If you liked Spider-Man: Into The Spider-Verse, you’ll probably enjoy Miles Morales: Spider-Man #7. Both stories focus on Miles Morales’ attempt to balance his personal life with his adventures as a superhero.
Miles Morales: Spider-Man #7
Writer: Saladin Ahmed
Pencils: Ron Ackins
Artists: Dexter Vines (inks and PP. 1-5,) Alitha E Martinez (PP. 6-10,) Vanesa R. Del Ray (PP. 11-16) and Javier Garrón (PP. 16-20)
Colorists: David Curriel & Erick Arciniega
Letter: VC’s Cory Petit
The success of Into The Spider-Verse makes it difficult to evaluate any story featuring Miles Morales. It’s especially easy to compare issues of Miles’ new solo series, written by Saladin Ahmed, to the fan-favorite film. After all, the first installment of Miles Morales: Spider-Man and the movie were only released four days apart. Every time Ahmed does something well, praising him for borrowing from the film is the natural response. As the series continues, the shadow of Spider-Verse will likely fade. But, for now, the work of directors Bob Persichetti, Peter Ramsey, and Rodney Rothman clearly influences Ahmed’s take on the titular character.
Miles Morales: Spider-Man #7 is no exception. From the importance of the dynamic between Miles and his uncle Aaron Davis to the focus on Miles’ relationships with his parents, this comic feels like a continuation of the film. The issue begins with a reunion between Miles and his uncle and, despite some tension caused by Aaron’s past as a criminal, the scene consistently features heartwarming moments. Using narration from Aaron’s perspective, Ahmed wisely shifts the focus away from Miles. Most readers already know how the young hero feels about his uncle. By turning the spotlight on Aaron and his internal thoughts, the reader gains a more complete understanding of the relationship.
Every exchange between Miles and Aaron is intricately layered. For a moment, Ahmed delves into the sociopolitical issues surrounding a young multiethnic hero and a black man whose life choices had turned him into a career criminal. Though Davis has opted for the straight and narrow, he’s somewhat jaded about life in modern America. When Miles tells his uncle that Tombstone is going to prison, Aaron retorts, “Congratulations. Another black man going to prison. Must be Tuesday.” With just one line, Ahmed shifts the scene into a higher gear. Later on, Aaron narrates, “my nephew cares so much about right and wrong. He really thinks he can fix all this…garbage around us.” As with the aforementioned line, Aaron touches on a significant real-world issue. It would have been powerful to see Ahmed extensively explore the criminal justice system or the challenges faced by black men in modern America. But, with the limited space of a single issue, he didn’t have time to do so here. Still, these moments offer fertile ground for future development.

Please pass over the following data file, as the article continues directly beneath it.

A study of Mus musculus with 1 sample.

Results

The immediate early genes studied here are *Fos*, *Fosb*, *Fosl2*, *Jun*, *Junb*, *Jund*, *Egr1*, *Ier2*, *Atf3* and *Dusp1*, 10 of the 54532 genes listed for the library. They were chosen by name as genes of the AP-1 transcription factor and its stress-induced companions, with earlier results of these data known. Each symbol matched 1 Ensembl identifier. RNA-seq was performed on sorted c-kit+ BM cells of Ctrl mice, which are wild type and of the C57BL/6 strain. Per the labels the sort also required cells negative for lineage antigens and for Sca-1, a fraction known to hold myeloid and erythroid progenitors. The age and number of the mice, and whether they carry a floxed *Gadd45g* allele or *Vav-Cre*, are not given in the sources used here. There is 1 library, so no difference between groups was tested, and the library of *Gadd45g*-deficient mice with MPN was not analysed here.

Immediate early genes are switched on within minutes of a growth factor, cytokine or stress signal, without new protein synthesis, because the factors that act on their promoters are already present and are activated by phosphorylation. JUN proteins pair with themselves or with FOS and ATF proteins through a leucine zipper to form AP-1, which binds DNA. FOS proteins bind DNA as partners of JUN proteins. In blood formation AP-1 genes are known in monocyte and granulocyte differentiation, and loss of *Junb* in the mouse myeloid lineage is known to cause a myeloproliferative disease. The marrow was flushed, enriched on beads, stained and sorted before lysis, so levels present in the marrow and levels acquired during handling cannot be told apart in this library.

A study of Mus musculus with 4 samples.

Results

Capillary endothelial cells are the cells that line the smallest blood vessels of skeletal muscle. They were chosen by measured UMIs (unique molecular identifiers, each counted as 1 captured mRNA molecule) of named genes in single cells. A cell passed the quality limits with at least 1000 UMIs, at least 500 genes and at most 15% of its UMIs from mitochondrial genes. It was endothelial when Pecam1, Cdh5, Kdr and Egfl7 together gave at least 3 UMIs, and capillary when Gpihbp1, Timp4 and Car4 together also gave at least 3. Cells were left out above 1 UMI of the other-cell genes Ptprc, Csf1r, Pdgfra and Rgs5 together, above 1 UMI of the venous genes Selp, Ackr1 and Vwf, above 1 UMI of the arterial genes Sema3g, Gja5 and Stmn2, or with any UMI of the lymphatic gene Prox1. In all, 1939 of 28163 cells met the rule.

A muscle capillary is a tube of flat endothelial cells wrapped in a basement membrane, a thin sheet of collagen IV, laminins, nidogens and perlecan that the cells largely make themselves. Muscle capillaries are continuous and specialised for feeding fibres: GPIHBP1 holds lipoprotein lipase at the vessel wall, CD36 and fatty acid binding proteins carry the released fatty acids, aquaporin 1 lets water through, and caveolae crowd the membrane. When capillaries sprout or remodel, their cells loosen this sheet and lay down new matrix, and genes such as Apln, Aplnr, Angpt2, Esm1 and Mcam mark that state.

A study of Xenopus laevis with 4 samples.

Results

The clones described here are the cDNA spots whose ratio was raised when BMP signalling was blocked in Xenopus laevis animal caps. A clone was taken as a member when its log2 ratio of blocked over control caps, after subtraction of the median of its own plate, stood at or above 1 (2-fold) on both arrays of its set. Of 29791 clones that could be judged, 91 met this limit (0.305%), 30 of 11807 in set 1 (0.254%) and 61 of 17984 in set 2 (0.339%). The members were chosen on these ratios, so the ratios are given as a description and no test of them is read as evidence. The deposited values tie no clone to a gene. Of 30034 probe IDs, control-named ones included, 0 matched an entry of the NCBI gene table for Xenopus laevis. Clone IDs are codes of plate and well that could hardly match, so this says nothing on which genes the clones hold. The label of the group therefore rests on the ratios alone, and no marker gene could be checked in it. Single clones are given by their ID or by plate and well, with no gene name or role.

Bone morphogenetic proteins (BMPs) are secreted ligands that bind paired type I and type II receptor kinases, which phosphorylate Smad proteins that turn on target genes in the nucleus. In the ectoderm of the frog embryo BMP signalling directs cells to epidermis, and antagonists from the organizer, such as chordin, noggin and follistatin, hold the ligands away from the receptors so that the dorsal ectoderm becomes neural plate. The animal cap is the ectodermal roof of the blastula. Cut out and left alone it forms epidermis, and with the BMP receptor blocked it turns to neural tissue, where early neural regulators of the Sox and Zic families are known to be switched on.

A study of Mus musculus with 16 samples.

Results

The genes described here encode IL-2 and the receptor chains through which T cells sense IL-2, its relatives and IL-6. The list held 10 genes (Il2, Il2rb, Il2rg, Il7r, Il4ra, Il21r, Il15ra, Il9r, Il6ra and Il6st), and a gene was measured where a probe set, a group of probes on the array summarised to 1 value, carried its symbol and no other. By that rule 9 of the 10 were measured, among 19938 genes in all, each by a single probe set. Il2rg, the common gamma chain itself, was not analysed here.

Ahmed doubles down on his usage of various narrators when he shifts to the perspective of Miles’ mom, Rio Morales. As a nurse, Rio understands the weight of the responsibility that comes with helping people. Subsequently, by having Rio narrate while she works, Ahmed still provides a glimpse into Miles’ subconscious. When describing her workalike, Rio says, “it’s a calling. But it’s also a job….It’ll drive you crazy if you let it.” It’s a safe bet that many superheroes feel that way, too. Hopefully, Ahmed will dive further into the similarities between Miles’ and Rio’s jobs as, respectively, Spider-Man and a nurse. If not, he succinctly compares the two heroes and their feelings about the pressures they face.
Unlike other issues of this series, a committee of artists tells the visual story in the latest installment. Though it’s a standard length comic book, Miles Morales: Spider-Man #7 features four artists, who are each responsible for five pages. Whether the reader likes this style depends on their artistic preferences. On one hand, dividing the issue evenly makes each section feel like a vignette. Each illustrator’s contribution feels like an individual component with a distinct flavor.
Martinez’ excerpt looks like a standard Marvel comic, which pairs well with the story on the page; Miles and Bombshell fight a killer drone and bright colors, both on the heroes’ costumes and in the drone’s lasts, separates the scene from the other grounded parts of the issue. In Del Ray’s snippet, bright colors are fairly absent in the dreary hospital setting. Garrón, typically the primary artist for the series, illustrates the last few pages. Here, using cool colors and visual distortion effects to accentuate the sci-fi elements of the plot. A robot attacks Miles and, using a shiny aura, Garrón makes the mysterious antagonist look like Doctor Manhattan. The visual effects and the ease with which he defeats Miles, immediately establish the robot as a legitimate threat. Garrón takes a typical evil robot and turns it into an intriguing villain.
While some readers might appreciate this style, others will criticize the disjointed feel of the issue; each section is notably disparate from its predecessor. As a result, flipping through Miles Morales: Spider-Man #7 can feel like a jarring reading experience.
The influence of Into The Spider-Verse is undeniable in Miles Morales: Spider-Man #7. In several ways, Ahmed expands on the movie’s strengths. The latest installment of this series kicks off a new arc and Spider-Fans should be excited to see how Ahmed’s vision for the titular character continues to become clear. Where do you want to see him go with the series?
Review: MILES MORALES: SPIDER-MAN #7 Features The Best Parts of INTO THE SPIDER-VERSE
By borrowing from Into The Spider-Verse, writer Saladin Ahmed tells a successful Miles Morales story.